Innocence Project and Suggestive Police Interrogation Techniques

In addition to confabulation, suggestive police interrogation techniques are also associated with compliant false confessions (Kassin, 2008, 2015). In this situation, the subject confesses in an act of compliance, in order to escape a stressful interrogation, avoid physical or legal punishment or because they are led to believe that confession serves their self-interest (Kassin, 2008, 2015). The suspect knows that he or she is innocent, but at the moment of interrogation, the short-term benefit prevails the long-term consequences of confession (Pearse, Gudjonsson, Clare, & Rutter, 1998). These compliant false confessions do not include false memories (Kassin, 2008).

A real life example in which the effect of suggestive interrogation is shown, is in a case originating from 1988 (Innocence Project, n.d.). On November 29, a 74-year-old woman was shot twice in the head, hit with a railroad tie and beaten to death. The police quickly identified Frank Sterling as a possible suspect. Sterling was 25 years old at the time, had no criminal record or history of violent behaviour and had an alibi. After stalling the case due to lack of evidence, it was reopened in 1991 by a new investigative team. After returning from a 36-hour trucking job, Sterling was approached and interrogated for more than eight hours, starting in the afternoon and continuing until the following morning.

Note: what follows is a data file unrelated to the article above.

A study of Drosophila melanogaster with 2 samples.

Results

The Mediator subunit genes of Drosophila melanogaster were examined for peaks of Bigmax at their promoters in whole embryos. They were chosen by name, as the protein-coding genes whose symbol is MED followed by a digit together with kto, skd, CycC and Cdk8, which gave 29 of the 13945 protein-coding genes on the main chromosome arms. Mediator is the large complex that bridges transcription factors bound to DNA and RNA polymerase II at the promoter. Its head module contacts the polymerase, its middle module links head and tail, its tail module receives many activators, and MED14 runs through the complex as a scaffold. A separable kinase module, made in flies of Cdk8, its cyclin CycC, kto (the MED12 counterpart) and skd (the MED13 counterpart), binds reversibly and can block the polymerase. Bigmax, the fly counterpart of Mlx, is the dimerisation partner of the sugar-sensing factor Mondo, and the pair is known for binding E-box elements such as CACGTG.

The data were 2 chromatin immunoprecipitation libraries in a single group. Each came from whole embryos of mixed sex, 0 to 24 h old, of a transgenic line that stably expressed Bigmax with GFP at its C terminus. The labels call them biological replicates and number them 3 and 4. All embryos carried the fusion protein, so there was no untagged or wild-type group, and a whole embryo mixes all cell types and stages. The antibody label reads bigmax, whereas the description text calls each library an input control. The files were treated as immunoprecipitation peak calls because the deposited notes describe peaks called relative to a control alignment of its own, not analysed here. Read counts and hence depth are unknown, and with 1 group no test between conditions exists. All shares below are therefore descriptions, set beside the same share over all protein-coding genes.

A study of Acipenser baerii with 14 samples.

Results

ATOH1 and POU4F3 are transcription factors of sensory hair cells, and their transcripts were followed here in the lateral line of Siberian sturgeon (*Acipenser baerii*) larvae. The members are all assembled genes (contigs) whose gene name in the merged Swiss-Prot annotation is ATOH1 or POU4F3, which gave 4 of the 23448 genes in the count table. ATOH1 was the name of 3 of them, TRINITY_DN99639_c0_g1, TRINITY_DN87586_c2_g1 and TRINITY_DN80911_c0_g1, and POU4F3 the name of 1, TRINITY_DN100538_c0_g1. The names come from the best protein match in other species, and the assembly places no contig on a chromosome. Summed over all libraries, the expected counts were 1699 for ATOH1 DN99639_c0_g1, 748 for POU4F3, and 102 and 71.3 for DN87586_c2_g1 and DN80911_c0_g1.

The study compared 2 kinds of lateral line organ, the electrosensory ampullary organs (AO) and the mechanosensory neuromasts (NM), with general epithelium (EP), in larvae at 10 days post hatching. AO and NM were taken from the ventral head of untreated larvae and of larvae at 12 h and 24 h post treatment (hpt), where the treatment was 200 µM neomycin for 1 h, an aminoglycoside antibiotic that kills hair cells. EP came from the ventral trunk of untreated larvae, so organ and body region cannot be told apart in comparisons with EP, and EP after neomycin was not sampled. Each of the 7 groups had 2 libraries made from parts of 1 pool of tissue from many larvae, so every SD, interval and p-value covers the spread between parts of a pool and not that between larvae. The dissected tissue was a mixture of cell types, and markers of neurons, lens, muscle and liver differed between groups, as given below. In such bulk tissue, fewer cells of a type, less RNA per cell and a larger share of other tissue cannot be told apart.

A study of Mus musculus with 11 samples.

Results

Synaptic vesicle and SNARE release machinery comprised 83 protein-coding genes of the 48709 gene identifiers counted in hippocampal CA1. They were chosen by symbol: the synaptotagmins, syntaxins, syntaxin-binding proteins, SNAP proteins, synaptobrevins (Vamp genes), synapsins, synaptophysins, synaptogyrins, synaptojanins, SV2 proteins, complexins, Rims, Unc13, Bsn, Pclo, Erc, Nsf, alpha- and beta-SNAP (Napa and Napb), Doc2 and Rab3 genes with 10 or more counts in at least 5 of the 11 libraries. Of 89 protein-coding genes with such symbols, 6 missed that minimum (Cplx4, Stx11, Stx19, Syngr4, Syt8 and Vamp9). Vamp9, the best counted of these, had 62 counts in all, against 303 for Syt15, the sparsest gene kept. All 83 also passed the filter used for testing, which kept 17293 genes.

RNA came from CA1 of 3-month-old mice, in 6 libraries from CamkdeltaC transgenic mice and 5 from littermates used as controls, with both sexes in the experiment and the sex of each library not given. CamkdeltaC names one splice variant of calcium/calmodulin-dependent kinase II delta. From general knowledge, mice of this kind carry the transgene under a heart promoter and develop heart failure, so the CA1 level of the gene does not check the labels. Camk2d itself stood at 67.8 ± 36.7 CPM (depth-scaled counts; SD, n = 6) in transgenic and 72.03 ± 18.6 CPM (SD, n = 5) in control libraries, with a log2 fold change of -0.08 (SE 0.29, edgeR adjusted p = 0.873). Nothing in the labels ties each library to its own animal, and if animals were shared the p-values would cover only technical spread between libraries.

While maintaining his innocence but saying he had trouble remembering, he was interrogated using several highly suggestive methods, including the suggestion of details. After an exhausting eight-hour interrogation, Sterling confessed. He complied with a videotaped confession that included numerous inconsistencies. In the end, the alleged evidence consisted almost entirely out of the false confession and Frank Sterling served more than 17 years in prison for a murder he did not commit. However, DNA testing obtained by the Innocence Project proved his innocence and this led to his exoneration in 2010 (Innocence Project, n.d.). Although it is likely that Frank Sterling acted out of compliance, the interrogation tactics that were used by the police could eventually cause distrust in his own memory and the formation of an internalized false memory. The case of Frank Sterling is one of many cases in which suggestive interrogation techniques have led to wrongful convictions. According to Porter and Baker (2015), a quarter of these wrongful convictions is due to false confessions.